The budget impasse is doing more than racking up billions in state debt. It’s also causing social service agencies in Illinois, which serve those most in need, unsustainable pain, according to a United Way survey conducted in early June.
The United Way surveyed 116 social service agencies in northern Illinois, and found that 83% have made cuts to clients served because of lack of state funding, up from 32% a year earlier. Those being hit hardest are agencies which provide childhood education, disability services, and mental health services.
Agencies waiting for payment from the state are owed on average a whopping $650,000, and they cannot sustain that. 59% of agencies reported they will have to cease services to clients within the next six months, with 46% in northern Illinois saying they will have to shut their doors outright.
To stay afloat, about a third of agencies report tapping into lines of credit, resulting in a reported total of more than $20,000,000 in accumulated debt.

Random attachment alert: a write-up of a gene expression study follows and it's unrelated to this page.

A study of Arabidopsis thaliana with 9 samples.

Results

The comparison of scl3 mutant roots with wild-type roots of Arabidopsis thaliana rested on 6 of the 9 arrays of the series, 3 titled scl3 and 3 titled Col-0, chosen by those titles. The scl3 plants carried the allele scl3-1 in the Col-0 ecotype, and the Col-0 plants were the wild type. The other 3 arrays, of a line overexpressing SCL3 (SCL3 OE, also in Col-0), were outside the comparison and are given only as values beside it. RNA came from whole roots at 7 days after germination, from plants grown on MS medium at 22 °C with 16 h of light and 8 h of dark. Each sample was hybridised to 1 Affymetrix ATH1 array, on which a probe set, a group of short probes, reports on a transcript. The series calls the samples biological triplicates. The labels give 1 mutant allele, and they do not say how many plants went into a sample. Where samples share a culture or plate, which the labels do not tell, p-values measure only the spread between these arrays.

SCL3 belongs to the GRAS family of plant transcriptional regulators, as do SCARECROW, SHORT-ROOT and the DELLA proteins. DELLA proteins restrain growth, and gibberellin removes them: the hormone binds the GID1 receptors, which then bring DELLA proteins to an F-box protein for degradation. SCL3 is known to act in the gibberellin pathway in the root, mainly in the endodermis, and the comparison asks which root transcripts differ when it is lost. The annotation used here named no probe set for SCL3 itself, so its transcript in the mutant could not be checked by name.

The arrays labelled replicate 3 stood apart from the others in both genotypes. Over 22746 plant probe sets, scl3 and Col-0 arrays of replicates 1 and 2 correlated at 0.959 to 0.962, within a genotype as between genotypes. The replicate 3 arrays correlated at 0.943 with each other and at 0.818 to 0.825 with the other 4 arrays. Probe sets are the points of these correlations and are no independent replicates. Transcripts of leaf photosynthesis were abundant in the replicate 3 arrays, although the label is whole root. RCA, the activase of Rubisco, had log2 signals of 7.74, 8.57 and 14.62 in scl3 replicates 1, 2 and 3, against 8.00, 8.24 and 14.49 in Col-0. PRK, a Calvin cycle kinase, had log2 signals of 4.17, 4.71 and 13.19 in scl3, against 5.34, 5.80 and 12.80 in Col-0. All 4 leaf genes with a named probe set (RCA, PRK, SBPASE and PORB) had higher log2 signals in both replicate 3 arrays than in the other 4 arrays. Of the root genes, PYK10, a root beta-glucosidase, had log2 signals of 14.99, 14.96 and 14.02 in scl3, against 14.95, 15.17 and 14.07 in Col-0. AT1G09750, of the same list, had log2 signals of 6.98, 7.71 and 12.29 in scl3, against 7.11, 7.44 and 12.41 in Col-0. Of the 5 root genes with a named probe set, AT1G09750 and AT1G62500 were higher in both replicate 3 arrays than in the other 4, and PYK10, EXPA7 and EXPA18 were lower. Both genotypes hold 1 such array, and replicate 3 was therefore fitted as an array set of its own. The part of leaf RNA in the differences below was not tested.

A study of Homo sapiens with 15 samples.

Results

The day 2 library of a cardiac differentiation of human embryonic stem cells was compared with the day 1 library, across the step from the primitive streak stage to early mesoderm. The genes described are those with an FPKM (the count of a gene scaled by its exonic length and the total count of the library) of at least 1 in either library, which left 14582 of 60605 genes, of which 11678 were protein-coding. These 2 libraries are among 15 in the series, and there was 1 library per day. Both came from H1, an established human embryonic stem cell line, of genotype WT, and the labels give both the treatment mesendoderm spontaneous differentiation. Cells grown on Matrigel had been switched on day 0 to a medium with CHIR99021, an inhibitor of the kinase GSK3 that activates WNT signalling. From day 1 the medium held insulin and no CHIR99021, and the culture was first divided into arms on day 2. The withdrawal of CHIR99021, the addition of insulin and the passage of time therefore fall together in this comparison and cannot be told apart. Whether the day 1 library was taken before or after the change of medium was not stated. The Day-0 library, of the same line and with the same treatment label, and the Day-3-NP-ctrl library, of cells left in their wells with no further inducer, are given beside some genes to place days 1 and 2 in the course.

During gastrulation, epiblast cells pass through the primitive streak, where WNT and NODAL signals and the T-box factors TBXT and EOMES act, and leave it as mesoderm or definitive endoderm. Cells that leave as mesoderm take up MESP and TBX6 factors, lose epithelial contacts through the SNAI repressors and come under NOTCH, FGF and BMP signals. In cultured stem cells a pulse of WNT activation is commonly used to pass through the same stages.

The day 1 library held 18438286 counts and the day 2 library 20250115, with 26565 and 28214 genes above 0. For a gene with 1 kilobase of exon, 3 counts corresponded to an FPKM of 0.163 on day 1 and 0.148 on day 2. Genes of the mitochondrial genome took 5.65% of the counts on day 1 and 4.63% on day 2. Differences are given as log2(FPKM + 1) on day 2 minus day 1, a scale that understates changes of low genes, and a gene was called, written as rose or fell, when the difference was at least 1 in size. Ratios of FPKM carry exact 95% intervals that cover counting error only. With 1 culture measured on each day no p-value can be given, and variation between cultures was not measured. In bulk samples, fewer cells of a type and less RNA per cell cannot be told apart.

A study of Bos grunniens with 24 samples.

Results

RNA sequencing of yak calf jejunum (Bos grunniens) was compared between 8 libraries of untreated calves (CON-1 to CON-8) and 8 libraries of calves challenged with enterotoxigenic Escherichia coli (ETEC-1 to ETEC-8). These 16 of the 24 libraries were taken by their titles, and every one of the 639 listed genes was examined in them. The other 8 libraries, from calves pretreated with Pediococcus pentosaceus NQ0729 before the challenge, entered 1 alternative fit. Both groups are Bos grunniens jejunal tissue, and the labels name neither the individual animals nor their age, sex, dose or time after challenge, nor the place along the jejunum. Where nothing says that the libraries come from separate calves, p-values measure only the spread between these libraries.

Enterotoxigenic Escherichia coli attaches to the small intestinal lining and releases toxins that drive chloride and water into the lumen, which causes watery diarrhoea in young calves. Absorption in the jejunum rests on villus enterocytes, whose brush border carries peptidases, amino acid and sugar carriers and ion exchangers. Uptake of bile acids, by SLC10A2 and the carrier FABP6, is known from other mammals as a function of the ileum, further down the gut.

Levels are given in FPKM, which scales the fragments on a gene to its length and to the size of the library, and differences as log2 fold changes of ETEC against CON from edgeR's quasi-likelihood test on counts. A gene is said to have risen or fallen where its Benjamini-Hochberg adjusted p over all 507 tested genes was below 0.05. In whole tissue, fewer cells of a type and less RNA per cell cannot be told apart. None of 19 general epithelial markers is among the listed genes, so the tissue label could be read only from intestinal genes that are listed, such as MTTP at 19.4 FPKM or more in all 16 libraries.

Even a ‘stopgap’ budget to keep state government operating does little to help these agencies since Illinois continues to spend more money than it takes in, adding to the bill backlog. Legislators and the Governor are hoping to have a fully funded budget passed after the November election, but the United Way survey indicates many social service agencies which rely on state government funding will be unable to hold on for that long.
“We honestly wished we would have different news” said Kristi Long, United Way of Illinois Board Chair in a news release. “The survey results show accelerating damage since January—more program cuts, more clients left unserved, more debt. The mentally ill, disabled seniors and young children in need of educational opportunities—these people can’t wait for the next election.”
You can read the full northern Illinois and statewide survey here.